Comments

D G Myers

Exactly. It is my extraordinary claim that the real butt of the joke is Nathan Zuckerman. Roth was forty-six when he wrote the novel. He looked back on similar accusations that had been made against him when he, like Nathan, was twenty-two and just starting out. He too had been accused of irresponsibility toward his family and the Jews. Two decades later he had come to understand and acknowledge the justice of those accusations—to understand and acknowledge the pain he had caused. He had arrived, that is, at the point of agreeing with Judge Wapter, but he wanted to say it differently. (The vulgarity, he saw, belonged not to Wapter’s judgment, but to its style.) So Roth wrote a novel in which he pretended to be a 22-year-old novelist, laughing at the Wapters, in order to shake his head at the spectacle the young novelist is making of himself, who is too young—too close to the spectacle, too much the protagonist of his own drama—fully to realize what is going on.

bianca steele

"Exactly. It is my extraordinary claim that the real butt of the joke is Nathan Zuckerman."
Nathan Zuckerman is the point of view character. I should think it would be extraordinary if the belief system that prevails in the novel were that of a character who barely participates in the narrative and is aware of none of it, to whom the protagonist and almost all the major characters are hostile, and whose views are represented only in a set piece of a few pages.

"Roth was forty-six when he wrote the novel. He looked back on similar accusations that had been made against him when he, like Nathan, was twenty-two and just starting out."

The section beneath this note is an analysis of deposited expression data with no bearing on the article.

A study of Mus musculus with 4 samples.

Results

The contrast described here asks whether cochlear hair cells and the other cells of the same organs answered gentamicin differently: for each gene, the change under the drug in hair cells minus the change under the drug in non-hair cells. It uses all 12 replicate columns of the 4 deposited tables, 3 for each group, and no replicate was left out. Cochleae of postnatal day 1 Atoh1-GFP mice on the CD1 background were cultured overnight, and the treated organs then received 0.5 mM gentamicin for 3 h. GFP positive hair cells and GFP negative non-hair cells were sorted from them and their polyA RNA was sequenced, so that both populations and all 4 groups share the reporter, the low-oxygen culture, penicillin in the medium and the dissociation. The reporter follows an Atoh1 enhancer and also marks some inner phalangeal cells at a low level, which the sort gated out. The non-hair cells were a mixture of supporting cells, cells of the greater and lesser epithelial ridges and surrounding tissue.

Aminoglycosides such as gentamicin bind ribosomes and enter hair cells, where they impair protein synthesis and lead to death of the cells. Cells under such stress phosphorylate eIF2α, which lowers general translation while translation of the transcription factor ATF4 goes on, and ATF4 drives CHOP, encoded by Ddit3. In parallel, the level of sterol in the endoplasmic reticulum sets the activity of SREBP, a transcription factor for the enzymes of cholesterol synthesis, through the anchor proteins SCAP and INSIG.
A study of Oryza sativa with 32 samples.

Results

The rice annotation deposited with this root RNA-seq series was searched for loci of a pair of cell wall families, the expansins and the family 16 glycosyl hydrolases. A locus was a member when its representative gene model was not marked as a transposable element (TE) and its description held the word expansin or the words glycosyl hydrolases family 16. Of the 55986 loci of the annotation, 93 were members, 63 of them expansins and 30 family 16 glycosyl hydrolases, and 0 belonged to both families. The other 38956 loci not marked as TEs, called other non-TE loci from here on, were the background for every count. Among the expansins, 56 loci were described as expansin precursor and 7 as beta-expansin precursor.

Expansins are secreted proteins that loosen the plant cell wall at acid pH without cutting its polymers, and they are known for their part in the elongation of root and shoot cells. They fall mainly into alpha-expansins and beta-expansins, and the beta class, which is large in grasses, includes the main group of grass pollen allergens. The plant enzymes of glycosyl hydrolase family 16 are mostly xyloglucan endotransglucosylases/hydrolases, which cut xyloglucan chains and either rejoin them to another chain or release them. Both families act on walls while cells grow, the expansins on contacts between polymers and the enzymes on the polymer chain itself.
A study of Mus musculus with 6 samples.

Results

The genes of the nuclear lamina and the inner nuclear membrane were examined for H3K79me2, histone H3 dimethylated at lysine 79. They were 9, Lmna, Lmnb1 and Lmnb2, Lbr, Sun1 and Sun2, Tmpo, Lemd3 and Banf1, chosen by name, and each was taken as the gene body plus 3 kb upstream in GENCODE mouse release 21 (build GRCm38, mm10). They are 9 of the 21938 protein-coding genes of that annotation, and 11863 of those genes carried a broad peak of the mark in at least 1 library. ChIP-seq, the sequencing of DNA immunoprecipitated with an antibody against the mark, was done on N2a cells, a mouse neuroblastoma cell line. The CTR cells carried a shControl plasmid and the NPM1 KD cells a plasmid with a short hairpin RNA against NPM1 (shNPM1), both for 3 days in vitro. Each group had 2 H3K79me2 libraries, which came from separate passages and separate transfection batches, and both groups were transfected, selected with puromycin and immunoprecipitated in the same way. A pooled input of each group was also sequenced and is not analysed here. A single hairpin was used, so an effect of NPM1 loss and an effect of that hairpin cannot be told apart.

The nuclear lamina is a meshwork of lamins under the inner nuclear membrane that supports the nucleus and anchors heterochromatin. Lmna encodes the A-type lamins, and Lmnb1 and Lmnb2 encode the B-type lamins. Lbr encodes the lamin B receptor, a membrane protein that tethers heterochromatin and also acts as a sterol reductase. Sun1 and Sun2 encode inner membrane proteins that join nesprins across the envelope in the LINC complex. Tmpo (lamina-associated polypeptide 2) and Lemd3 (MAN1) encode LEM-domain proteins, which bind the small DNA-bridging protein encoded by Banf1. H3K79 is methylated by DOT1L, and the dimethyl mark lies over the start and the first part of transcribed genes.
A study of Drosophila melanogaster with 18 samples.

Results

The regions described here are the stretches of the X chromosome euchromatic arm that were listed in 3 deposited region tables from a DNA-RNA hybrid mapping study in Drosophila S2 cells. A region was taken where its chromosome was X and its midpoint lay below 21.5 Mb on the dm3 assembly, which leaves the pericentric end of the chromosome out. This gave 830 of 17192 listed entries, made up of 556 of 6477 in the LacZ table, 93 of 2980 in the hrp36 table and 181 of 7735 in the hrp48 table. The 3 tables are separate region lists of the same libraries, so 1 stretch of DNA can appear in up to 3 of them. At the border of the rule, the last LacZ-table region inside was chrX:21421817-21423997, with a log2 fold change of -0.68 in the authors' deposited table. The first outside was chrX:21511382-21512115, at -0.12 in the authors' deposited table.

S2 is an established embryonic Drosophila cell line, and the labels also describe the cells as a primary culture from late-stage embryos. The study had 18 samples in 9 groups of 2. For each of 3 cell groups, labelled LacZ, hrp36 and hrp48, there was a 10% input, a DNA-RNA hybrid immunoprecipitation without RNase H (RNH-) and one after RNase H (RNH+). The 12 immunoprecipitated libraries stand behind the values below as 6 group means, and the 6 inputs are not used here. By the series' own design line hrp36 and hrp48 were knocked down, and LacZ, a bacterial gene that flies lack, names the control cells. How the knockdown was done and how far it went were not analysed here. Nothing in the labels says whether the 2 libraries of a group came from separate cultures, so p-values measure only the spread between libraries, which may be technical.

Not sure what you’re getting at, here.

"He too had been accused of irresponsibility toward his family and the Jews."
True -- at least regarding his alleged failures of responsibility toward the Jewish people. I remember a High Holy Days sermon in which Roth and Freud were called out as self-hating Jews. But I’m not sure of the details. In _Portnoy’s Complaint_ the narrator’s mother is portrayed as castrating in a nearly literal manner, and then there is the graphically portrayed sexual immorality. Milton Appel is based on the then well-known and well-regarded Irving Howe. I don’t remember who Wapter is based on. I can’t remember any more offhand. Regarding his family, that might be true of Zuckerman, the fictional character, but if I recall correctly, Roth has said in interviews that his own experience was different.

"Two decades later he had come to understand and acknowledge the justice of those accusations—to understand and acknowledge the pain he had caused. He had arrived, that is, at the point of agreeing with Judge Wapter, but he wanted to say it differently. (The vulgarity, he saw, belonged not to Wapter’s judgment, but to its style.)"
I think the novel is more likely about the same dilemma Cynthia Ozick was talking about when she said she had tried too hard to be Henry James when she was just starting out.

"So Roth wrote a novel in which he pretended to be a 22-year-old novelist, laughing at the Wapters, in order to shake his head at the spectacle the young novelist is making of himself, who is too young—too close to the spectacle, too much the protagonist of his own drama—fully to realize what is going on."
I don’t like the idea of a novelist who doesn’t like people, and I’d prefer to pretend Roth isn’t one of those for as long as I can.

Josh

Bianca, Roth gives a great account of the reception given to "Goodbye Columbus," in Reading Myself and Others. Dunno when it was written, but it doesn't substantiate DGM's argument. I expect some of NZ's views in the novel are Roth's and some are not.